In January of 1981, I went to Greece. It was a gift from my soon-to-be in-laws. They were living there for several years for work. My fiance and I were still in school, and the trip was wedged into winter break. We left on the 7th and returned to Boston on the 28th. I was a few days late returning to class, but it was my last semester in school, and I had an easy schedule.
My in-laws paid for my ticket and we stayed in their apartment in Kolonaki, a wealthy Athens neighborhood full of restaurants and museums. They took us to Delphi and around the Peloponnese. I had lunch on the water in Nafplio. I stood in the ancient theater at Epidaurus. I visited, and revisited, the Temple of Poseidon of Sounion. It was incredibly generous of them; I appreciate it to this day.
Up to that point in my life, nothing compared. I had never ventured beyond New England and New York City. I had never flown. I had never been given three weeks to just go somewhere and explore. I was an English and Philosophy student going to what many consider to the be the roots of Western Civilization. The moment was not lost on me. Writing in a journal during the overnight flight to Athens, I marveled about “hurtling through the air, at 600 miles per hour, 41,000 feet above the Atlantic Ocean, in a metal tube with wings.” I said it was like Kruschev in Disneyland; for me, it was.
I have a handful of things from that trip: a small statue of Socrates, a journal, a few dozen photographs, and the coaster pictured here. I just rediscovered the coaster when I was moving some things around in my kitchen. It’s 35 years old now. It probably cost me a dollar. It’s worse for wear. Only after scanning it did I see the crack running straight through it. I remember breaking it shortly after that marriage ended. It was a too-obvious metaphor, but I re-glued it anyway.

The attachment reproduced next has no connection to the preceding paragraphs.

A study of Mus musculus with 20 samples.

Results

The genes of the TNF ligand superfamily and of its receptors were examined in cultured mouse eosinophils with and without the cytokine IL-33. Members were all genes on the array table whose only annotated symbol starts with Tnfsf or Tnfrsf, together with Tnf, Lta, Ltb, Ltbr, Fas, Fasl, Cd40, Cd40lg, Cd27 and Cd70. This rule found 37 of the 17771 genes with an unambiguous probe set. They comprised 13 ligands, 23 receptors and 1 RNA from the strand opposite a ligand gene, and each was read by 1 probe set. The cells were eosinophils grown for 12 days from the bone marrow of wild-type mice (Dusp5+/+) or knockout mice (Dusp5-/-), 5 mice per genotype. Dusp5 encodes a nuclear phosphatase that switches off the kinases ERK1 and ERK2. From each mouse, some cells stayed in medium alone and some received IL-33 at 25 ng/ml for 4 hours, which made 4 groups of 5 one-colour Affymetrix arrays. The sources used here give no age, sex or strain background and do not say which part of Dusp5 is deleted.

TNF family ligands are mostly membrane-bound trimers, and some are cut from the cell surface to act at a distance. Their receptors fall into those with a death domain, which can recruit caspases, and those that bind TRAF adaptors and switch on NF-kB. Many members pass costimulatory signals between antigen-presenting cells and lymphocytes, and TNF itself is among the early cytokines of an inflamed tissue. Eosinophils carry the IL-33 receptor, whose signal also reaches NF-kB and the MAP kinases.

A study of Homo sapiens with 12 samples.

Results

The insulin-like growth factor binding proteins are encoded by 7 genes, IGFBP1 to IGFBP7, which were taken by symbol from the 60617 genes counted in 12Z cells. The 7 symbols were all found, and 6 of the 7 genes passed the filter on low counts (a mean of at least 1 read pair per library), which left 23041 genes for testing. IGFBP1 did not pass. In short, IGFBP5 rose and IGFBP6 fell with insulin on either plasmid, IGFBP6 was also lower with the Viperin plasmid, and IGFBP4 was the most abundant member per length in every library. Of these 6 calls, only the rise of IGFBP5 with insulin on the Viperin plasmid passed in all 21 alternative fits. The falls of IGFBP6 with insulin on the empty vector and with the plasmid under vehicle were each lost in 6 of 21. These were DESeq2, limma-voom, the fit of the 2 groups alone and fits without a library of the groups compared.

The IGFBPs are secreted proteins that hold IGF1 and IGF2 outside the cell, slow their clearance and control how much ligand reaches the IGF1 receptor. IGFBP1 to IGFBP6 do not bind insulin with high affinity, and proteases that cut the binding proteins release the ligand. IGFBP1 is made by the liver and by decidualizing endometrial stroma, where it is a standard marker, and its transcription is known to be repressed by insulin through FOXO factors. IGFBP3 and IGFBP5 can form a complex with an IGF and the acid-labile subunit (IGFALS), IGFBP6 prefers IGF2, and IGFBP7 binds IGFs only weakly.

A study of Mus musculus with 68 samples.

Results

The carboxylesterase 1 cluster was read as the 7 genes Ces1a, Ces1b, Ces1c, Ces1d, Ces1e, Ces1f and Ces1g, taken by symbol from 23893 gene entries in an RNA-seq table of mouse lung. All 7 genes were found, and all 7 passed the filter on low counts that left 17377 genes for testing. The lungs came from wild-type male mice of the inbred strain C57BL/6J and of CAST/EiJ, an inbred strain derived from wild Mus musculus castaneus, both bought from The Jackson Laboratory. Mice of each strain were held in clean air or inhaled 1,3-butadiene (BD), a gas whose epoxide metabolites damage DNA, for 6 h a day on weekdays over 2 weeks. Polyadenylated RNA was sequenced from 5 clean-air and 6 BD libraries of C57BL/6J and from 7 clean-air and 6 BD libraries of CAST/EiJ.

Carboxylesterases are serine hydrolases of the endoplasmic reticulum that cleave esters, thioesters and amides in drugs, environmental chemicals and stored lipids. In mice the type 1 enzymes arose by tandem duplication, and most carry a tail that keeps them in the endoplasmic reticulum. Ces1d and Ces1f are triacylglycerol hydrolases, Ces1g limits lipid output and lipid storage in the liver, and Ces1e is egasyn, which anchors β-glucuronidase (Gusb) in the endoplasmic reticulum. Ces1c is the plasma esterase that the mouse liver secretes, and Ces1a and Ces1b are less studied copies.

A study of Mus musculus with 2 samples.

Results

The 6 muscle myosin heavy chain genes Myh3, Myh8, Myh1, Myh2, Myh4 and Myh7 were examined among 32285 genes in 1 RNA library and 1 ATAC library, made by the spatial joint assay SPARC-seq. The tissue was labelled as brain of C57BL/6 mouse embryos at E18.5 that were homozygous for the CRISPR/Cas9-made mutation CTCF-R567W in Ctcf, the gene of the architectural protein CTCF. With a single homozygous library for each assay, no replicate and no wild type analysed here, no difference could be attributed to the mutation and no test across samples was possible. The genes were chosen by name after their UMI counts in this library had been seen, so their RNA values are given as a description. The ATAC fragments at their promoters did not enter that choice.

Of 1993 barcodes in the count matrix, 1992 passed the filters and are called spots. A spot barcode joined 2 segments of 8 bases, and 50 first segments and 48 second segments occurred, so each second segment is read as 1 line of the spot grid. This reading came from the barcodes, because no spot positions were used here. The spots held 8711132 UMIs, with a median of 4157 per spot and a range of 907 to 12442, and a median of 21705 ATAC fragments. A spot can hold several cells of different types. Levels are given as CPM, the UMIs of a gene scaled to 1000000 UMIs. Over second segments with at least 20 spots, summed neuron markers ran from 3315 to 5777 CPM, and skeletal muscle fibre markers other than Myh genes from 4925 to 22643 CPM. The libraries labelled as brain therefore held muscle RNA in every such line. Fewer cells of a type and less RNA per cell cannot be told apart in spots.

When my ex and I had time to spend in Athens itself, we went to the museums, shopped, and ate. It was winter and cool; it was easy to get around. I had enough spending money to do all the basics and a little extra to buy a few things. At least then, and probably now, when you want to buy both the kitschy and the non-kitschy in Athens, you go to Plaka.
I bought gifts for my family–small rugs for my mother and sister, statuettes of satyrs for my brothers, and a necklace for my grandmom. I seem to remember buying a number of these coasters and other tiles in different forms, but the rest are long gone, some from use and others, as I recall, victim to the sad little ceremony of dividing our belongings during the divorce. A sticker on the back, determined to stay on all of these years, tells me the coaster was “Hand Made by Niarchos.” I searched the web and was delighted to find pictures of some of the others I bought. I could buy some for $3.00. Maybe I will.
I re-read my Athens journal every few years, and will set out to re-read it again now. That long plane trip ended in a scary, gymnastic landing in high winds. The trip was a track meet. We did three and four and five things every day–a museum, then lunch, then shopping, then dinner, then something at night. As I wrote in my two blog entries about Sounion, the trip was both an adventure back in time and an exploration into my deep and complex feelings about my father’s death only two months before. The journal goes from exhilaration to exhaustion, without a stop in between. It’s worth another reading.